A master of the possible

Politics is the art of the possible. Therefore, the notion of the political operative as magician or evil genius is nonsensical. Yet it’s easy to see why the image holds sway. First, most of us are prone at times to magical thinking. Second, the press likes to write these kinds of stories. Third, it provides the losing party with an easy excuse. Fourth, it can provide the winning party with a sense of invincibility.
Karl Rove was neither a magician nor an evil genius. But he did help his candidates achieve most of what was possible. In Texas, he led the charge to convert that state from Democrat to Republican, but did so in the context of a South that was moving inexorably in that direction. In 2000, he seemed to push the limits of the possible by helping elect George W. Bush in what should have been a Democratic year. But he accomplished this only because of the Nader candidacy and because of a quirk that enabled his man to win with fewer popular votes than his opponent.
In 2002, he helped engineer gains in Congress, but in the context of a presidency that had become extremely popular in the aftermath of 9/11. In 2004, his candidate still held a small natural edge, but it required an outstanding effort to convert that edge into victory in the face of a fiercely determined, and well organized opposition party. In 2006, victory was not possible, so Rove and company did not achieve it.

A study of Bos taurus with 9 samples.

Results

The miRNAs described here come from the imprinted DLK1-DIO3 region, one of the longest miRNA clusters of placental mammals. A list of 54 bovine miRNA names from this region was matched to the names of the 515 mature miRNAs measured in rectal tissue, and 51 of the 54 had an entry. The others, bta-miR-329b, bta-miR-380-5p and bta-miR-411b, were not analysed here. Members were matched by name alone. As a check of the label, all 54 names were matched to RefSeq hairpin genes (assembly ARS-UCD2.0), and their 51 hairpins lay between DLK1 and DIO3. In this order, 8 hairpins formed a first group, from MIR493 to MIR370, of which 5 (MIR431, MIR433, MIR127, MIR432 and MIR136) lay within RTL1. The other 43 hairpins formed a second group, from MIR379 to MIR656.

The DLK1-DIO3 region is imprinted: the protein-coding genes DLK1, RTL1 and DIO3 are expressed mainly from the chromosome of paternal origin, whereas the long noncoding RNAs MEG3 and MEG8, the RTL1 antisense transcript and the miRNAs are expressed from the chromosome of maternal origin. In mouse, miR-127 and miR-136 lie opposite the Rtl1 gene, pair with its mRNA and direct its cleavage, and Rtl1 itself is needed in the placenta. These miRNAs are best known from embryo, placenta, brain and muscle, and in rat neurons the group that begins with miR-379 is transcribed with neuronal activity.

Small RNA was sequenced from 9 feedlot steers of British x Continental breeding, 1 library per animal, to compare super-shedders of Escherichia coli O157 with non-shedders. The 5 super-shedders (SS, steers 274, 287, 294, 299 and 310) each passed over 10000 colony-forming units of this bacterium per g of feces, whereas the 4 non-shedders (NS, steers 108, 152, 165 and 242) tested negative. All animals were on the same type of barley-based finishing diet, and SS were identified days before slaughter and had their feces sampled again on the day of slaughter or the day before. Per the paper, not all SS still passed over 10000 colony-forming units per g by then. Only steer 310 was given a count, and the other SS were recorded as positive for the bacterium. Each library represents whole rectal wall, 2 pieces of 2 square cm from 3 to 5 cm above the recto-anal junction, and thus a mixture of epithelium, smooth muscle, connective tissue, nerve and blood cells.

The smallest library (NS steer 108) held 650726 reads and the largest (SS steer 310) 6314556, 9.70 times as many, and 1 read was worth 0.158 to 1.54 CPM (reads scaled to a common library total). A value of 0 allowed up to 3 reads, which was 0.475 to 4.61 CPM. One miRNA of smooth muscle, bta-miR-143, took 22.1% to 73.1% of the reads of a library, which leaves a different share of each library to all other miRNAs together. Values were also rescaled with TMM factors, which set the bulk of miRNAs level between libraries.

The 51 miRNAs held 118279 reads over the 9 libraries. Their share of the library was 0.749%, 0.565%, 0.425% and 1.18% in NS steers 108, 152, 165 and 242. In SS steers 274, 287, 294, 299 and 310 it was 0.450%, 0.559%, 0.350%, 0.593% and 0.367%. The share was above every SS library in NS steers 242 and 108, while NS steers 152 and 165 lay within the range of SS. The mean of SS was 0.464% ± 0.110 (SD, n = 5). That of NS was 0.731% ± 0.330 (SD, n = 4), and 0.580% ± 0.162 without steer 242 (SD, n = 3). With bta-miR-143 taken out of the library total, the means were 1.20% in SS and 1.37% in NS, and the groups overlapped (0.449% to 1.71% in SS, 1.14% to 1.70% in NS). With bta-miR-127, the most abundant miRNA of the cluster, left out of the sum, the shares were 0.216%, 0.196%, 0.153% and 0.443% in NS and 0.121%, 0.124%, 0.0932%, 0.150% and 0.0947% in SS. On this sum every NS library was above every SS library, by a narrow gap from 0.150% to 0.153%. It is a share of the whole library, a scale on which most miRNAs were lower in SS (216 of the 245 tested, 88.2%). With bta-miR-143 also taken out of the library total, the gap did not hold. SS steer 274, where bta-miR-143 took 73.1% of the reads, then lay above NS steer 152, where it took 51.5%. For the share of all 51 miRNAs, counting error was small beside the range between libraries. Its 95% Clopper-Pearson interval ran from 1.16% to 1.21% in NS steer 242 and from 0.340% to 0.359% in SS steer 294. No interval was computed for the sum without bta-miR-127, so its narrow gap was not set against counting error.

Rove was more than just a political operative, particularly in the second term. There are always risks when a “politico” gets a policy role, but Rove shouldn’t be blamed for Bush’s second term slide. Second terms almost never match first terms either in terms of general efficacy or ideological quality. Moreover, there’s no basis of which I’m aware for blaming the policy decisions conservatives don’t like on Rove. We do know he’s aligned with Bush on immigration policy, but every indication is that Bush believes in these policies independent of any political calculation or other input from Rove.
The one policy matter for which Rove should perhaps receive blame is the firing of the U.S. attorneys. It seems likely that the impetus for these firings, and perhaps much of the direction, came from the White House, and from Rove’s shop in particular. As I’ve argued repeatedly, there almost surely is no scandal here. It is the president’s right to fire federal prosecutors so long as doing so is not an attempt to obstruct justice or engage in wrongful prosecution. And there’s no evidence that these firings came anywhere near that line.
Nonetheless, events have confirmed what a shrewd analyst and student of history should have sensed — that it was a bad idea to fire prosecutors who were performing at acceptable levels of competence. This was true whether the motive was the desire to reward friends or the desire to remove a small number of prosecutors who arguably weren’t serious enough about prosecuting voting fraud. A sound assessment of risks versus rewards would have counseled against these moves and in favor of pushing the Justice Department to concentrate on filling appellate court vacancies.
Ultimately, though, this matter is of very little consequence. Rove’s legacy instead is of the man who helped the Republicans collect nearly all of the chips available given the cards that they had.
UPDATE: I should have said that victory in 2006 was not possible for Republicans in the House. Clearly, it was possible to have held the Senate, where the Republicans fell one seat short and where the races in Virginia and Montana were extremely close. In retrospect, the Republicans should have found a way to force Conrad Burns aside, which might have enabled the GOP to win in Montana and thus hold the Senate.